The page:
Keeping our sleep space separate from our living and working space can do wonders for sleep.
During the pandemic, when many of us were working, going to school or educating our kids from home, it became even more difficult to keep work and responsibilities out of the bedroom, causing more sleep challenges.
Your brain just wants the best for you — seriously, it works so hard! — but it doesn’t feel that way when it comes to sleep. It seems the moment our head hits the pillow, that’s when we’re barraged with our to-do list for the next day, or a slideshow of our most embarrassing moments. If we can’t calm these racing thoughts and relax our minds, they can prevent us from getting restful sleep.
To add insult to injury, our beliefs about sleep impact our ability to fall asleep. If we doubt we’ll fall asleep or are afraid we won’t fall asleep, it’s far more likely that we won’t!
We all know that sleep is important, but it’s the first thing we’ll do without when we’re in a crunch. Despite all the evidence to the contrary, many of us still believe or act like sleep is optional.
This couldn’t be further from the truth! Sleep is recovery time. It’s when the brain stores new information and gets rid of toxic waste, nerve cells communicate and reorganize, and the body repairs cells, restores energy, and releases essential hormones and proteins.
When we don’t get a good night's sleep, we wake up feeling exhausted, unmotivated, and in a bad mood. We fall behind in work, we’re too tired to exercise, and we may cancel plans because we just don’t have the energy, or we don’t want to bring everyone down with our negativity. We tell ourselves that we’ll go to bed extra early to catch up on our rest, but this often ends up triggering the vicious cycle of poor sleep.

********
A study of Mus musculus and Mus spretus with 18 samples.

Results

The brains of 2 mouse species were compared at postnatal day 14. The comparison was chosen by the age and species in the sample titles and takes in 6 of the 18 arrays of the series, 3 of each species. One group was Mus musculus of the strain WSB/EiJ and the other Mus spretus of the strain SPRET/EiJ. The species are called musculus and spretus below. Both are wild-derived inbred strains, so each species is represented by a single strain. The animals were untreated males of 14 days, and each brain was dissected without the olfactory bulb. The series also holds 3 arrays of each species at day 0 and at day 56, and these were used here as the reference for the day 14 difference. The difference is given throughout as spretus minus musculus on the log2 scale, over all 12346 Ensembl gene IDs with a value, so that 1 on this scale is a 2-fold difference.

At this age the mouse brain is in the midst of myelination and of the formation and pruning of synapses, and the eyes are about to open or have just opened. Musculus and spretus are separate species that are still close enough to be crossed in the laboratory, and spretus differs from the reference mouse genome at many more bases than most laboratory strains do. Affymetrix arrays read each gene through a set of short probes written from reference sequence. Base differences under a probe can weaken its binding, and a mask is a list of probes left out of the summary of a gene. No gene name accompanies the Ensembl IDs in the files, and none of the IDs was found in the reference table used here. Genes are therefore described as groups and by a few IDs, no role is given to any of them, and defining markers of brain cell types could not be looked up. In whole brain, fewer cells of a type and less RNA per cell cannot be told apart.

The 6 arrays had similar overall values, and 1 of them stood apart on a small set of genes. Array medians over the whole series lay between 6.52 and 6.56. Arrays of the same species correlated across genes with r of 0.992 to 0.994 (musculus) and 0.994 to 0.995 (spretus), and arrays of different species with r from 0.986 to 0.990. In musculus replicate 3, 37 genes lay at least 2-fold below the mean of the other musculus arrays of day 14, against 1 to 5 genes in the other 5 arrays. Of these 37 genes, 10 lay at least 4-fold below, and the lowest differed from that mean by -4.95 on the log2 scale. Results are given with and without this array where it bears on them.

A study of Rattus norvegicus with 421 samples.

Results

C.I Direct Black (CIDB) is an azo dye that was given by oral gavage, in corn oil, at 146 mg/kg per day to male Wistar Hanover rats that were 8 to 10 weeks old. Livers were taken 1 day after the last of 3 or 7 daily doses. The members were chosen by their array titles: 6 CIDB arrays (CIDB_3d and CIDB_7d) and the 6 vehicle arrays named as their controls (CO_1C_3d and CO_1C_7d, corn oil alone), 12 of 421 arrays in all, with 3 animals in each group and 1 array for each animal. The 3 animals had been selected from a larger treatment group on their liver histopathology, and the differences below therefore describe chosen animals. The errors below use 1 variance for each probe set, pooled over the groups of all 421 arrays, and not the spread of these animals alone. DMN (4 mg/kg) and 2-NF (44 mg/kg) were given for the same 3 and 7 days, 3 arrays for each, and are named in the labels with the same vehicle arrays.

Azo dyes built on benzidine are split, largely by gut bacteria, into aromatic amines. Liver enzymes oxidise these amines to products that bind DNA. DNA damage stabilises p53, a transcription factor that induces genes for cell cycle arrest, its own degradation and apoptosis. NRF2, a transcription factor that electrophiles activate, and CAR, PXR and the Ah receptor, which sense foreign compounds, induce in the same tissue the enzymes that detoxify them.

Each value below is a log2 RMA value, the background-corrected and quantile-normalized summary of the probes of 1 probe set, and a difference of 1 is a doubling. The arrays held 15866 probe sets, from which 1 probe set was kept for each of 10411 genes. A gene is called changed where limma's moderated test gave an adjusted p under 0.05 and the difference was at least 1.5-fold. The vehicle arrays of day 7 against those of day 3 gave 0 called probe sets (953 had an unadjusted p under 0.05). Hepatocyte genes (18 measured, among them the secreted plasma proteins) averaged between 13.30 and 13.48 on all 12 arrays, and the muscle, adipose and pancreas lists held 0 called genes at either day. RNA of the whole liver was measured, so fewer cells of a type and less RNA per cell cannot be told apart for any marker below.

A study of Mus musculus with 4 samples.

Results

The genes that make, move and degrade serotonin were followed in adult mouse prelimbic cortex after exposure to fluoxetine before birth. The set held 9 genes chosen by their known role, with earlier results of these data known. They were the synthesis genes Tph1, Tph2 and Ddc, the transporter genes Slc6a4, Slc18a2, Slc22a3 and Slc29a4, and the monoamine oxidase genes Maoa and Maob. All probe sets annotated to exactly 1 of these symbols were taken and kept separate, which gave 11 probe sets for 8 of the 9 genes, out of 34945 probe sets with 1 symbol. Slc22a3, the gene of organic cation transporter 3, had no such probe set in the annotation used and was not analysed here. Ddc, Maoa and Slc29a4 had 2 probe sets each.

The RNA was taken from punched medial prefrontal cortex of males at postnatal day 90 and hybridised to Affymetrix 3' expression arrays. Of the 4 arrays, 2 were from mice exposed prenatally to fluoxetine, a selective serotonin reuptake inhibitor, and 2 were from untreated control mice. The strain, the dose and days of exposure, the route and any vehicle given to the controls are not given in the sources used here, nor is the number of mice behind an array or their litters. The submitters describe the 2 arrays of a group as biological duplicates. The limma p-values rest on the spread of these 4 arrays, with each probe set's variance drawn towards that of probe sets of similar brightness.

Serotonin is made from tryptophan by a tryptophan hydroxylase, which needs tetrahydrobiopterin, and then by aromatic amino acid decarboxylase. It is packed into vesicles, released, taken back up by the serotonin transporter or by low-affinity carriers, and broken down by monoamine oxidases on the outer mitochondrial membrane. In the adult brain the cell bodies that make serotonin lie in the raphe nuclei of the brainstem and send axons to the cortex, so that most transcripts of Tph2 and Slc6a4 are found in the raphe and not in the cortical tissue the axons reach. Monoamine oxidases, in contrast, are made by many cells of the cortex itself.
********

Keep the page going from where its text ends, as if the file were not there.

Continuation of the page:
When we’ve had a bad day because of a bad night’s sleep, we put added pressure on ourselves to get a “really good night’s sleep this time”. We might go to bed much earlier than normal and tell ourselves that we must sleep or we won't be able to function in the morning.
When we are inevitably unable to fall asleep by 8pm, we start to doubt that we’ll be able to fall asleep at all, and start worrying about how that’s going to affect us the next day. Doubt, stress and fear are not a good combination for restful sleep. After another night of restless sleep, we start the vicious cycle over (and over) again.
To help you break the vicious cycle of poor sleep, here’s a list of lesser-known sleep hacks that can help you calm your racing thoughts, tackle the perceptions you have about sleep that can keep you up, and start sleeping like a baby again.
As a therapist, I know how important sleep is to our physical and mental health. I want you to break the vicious cycle of poor sleep and get back to your happy, motivated, restored self. You’ve got this!